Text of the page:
HR committee passes on tech dept.

By Josh Ellerbrock -

LIMA — Failing to receive approval by the Lima City Council Human Resources Committee, the fate of a new city department dedicated to enterprise technology projects will move to the consideration of the whole council, which must then decide how to proceed.

If approved, the initiative would eliminate the current data services group organized under the city’s Utilities Department and create a separate high-level tech department that could be used by the entirety of the City of Lima administration.

But councilors expressed reservations about the move, as a full reclassification as a department would require the appointment of a new department head — a position ultimately chosen by the mayor.

Committee Chair Rebecca Kreher said the type of experience and expertise needed to keep the city’s technology relevant across all departments would require a more permanent position.

“Being the business of politics for 14 years, I agree this shouldn’t be a political position,” Kreher said. “I understand that I’m replaceable. I’m looking for someone that is not so easily replaceable.”

While the majority of city employees are classified positions, which require review by the civil service board, the chief technology officer would be a direct mayor appointee under the city’s current initiative, much like the more than 10 individuals who currently hold the city’s high-level leadership positions.

Smith said her research showed that of other city municipalities that have dedicated technology departments, roughly 60 percent have mayor-appointed department heads.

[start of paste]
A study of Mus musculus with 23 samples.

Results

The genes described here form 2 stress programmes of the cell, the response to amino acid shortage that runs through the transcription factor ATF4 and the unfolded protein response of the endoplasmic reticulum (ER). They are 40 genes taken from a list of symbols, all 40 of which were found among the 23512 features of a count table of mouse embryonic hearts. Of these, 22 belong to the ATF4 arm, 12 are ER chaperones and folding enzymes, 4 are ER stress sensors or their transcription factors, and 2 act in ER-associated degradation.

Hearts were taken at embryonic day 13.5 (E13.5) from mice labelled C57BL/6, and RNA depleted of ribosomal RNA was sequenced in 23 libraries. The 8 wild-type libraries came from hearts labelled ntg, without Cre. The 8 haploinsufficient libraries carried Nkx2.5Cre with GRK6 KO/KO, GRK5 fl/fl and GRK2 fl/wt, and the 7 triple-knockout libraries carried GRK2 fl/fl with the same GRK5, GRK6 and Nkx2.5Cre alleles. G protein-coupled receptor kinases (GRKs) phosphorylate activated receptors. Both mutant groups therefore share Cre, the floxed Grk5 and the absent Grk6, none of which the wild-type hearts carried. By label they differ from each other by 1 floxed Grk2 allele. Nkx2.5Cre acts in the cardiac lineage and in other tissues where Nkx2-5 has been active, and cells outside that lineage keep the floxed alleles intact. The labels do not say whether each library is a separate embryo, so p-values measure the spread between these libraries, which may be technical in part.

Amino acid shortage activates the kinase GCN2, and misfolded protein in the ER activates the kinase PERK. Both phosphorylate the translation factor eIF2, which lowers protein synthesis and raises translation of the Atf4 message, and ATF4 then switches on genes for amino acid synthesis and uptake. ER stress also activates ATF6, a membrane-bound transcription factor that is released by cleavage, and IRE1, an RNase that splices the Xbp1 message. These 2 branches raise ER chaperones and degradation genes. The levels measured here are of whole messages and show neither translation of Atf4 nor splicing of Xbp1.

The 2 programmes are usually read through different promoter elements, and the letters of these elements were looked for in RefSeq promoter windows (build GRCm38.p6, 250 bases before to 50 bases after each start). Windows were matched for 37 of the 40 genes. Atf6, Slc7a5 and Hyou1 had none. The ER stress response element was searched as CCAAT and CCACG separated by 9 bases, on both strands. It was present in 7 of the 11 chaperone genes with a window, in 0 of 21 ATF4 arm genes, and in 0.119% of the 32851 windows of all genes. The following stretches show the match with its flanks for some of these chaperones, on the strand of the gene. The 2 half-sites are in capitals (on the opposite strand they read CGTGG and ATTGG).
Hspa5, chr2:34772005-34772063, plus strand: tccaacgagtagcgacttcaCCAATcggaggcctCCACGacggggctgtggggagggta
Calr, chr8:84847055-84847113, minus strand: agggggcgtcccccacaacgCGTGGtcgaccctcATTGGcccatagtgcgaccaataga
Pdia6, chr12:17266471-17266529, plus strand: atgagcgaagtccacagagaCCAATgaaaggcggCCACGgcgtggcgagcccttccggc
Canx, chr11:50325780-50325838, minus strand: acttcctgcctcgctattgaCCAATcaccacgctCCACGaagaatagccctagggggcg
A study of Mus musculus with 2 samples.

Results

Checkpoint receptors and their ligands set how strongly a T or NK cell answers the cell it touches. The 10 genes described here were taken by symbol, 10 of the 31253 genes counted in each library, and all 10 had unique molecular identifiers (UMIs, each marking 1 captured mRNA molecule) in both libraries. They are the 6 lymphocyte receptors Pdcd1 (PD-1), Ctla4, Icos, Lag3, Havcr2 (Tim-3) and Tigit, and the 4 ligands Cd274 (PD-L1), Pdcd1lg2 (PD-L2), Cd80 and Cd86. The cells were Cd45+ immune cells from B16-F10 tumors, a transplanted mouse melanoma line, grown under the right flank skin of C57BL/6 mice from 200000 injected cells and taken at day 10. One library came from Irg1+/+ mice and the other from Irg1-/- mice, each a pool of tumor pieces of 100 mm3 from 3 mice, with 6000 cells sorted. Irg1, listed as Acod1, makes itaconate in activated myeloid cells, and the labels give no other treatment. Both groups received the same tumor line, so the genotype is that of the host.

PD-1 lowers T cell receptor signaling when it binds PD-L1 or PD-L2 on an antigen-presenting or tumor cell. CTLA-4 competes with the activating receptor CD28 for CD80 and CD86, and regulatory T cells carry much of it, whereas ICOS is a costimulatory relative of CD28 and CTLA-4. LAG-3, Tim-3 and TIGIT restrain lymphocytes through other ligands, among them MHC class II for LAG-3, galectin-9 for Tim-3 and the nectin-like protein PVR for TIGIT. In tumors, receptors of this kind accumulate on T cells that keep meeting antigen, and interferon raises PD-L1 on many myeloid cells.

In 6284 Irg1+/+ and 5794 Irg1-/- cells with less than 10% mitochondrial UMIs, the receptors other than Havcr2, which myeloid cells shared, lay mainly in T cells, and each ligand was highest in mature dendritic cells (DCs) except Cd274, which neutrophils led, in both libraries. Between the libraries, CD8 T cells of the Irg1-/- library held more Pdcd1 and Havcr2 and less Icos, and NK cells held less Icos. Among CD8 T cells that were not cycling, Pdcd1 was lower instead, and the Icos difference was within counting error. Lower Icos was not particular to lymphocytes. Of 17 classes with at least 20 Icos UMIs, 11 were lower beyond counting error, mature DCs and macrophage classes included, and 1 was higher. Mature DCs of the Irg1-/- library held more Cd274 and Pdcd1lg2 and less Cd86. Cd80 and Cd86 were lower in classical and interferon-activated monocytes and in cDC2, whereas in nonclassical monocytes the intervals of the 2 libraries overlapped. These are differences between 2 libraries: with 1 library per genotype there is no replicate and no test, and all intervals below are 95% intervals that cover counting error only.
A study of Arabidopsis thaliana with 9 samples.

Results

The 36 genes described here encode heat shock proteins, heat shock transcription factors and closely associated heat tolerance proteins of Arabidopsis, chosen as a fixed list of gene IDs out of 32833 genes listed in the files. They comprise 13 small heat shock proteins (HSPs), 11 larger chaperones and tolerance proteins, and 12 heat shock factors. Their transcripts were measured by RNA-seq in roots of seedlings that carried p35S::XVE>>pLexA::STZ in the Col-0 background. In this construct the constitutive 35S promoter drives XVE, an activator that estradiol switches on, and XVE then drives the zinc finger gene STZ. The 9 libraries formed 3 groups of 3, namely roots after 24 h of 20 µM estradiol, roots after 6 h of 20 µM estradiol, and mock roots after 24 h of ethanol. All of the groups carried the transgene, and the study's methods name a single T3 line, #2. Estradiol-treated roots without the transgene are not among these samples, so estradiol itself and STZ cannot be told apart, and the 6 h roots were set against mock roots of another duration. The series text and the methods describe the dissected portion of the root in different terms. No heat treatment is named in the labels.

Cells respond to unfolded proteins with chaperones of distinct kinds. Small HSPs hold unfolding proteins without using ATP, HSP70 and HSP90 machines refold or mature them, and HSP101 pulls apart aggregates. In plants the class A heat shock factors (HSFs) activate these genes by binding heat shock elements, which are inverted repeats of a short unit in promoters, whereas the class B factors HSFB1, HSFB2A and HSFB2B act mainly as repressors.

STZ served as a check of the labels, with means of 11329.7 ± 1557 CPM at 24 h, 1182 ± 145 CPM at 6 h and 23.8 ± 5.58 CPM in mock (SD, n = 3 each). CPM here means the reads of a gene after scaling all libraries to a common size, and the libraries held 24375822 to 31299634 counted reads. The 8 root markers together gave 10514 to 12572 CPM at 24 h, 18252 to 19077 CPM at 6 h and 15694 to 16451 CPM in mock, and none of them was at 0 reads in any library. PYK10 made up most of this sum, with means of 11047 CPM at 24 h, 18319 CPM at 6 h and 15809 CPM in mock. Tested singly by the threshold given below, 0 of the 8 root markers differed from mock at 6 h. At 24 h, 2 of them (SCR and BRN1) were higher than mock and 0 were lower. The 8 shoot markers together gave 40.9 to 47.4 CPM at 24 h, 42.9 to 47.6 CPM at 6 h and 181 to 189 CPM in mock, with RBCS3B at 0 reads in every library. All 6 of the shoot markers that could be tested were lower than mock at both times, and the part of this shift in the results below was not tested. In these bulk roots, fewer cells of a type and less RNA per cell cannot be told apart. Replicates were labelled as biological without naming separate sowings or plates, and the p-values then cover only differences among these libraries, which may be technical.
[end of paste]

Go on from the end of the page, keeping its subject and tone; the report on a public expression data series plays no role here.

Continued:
In related news, Lima City Council Human Resources Committee also began conversations brought forward by Kreher asking council to consider opening up the fire and police departments chief selection process to include potential appointees from outside the department.

Currently, both departments promote internally when a higher position becomes open. Consequently, all individuals entering the department do so at the bottom rung generally making a climb to a chief position a 20- to 30-year endeavor.

Police Chief Kevin Martin, who made it clear he had personal concerns outside his public position as chief about a revised selection process, said such a move would add political influence to the chief position, which could compromise the department’s responsibility as the city’s law enforcement arm.

Martin also argued that changing the police department’s selection process would increase turnover and some officers could enter high-level positions without knowing pertinent information about the city’s culture, which could influence how officers respond to dangerous situations.

“It’s going to take 20 to 25 years to show that you are really vested in the community,” Martin said.

Fire Chief Bruce Black echoed Martin’s points.

“The system that we have is working. The chiefs and deputy chiefs have civil service protection, and it’s there so we don’t have to be political,” Black said. “I don’t think it’s in the best interest of the fire department to hire outside of the city.”

By Josh Ellerbrock

Reach Josh Ellerbrock at 567-242-0398.

Reach Josh Ellerbrock at 567-242-0398.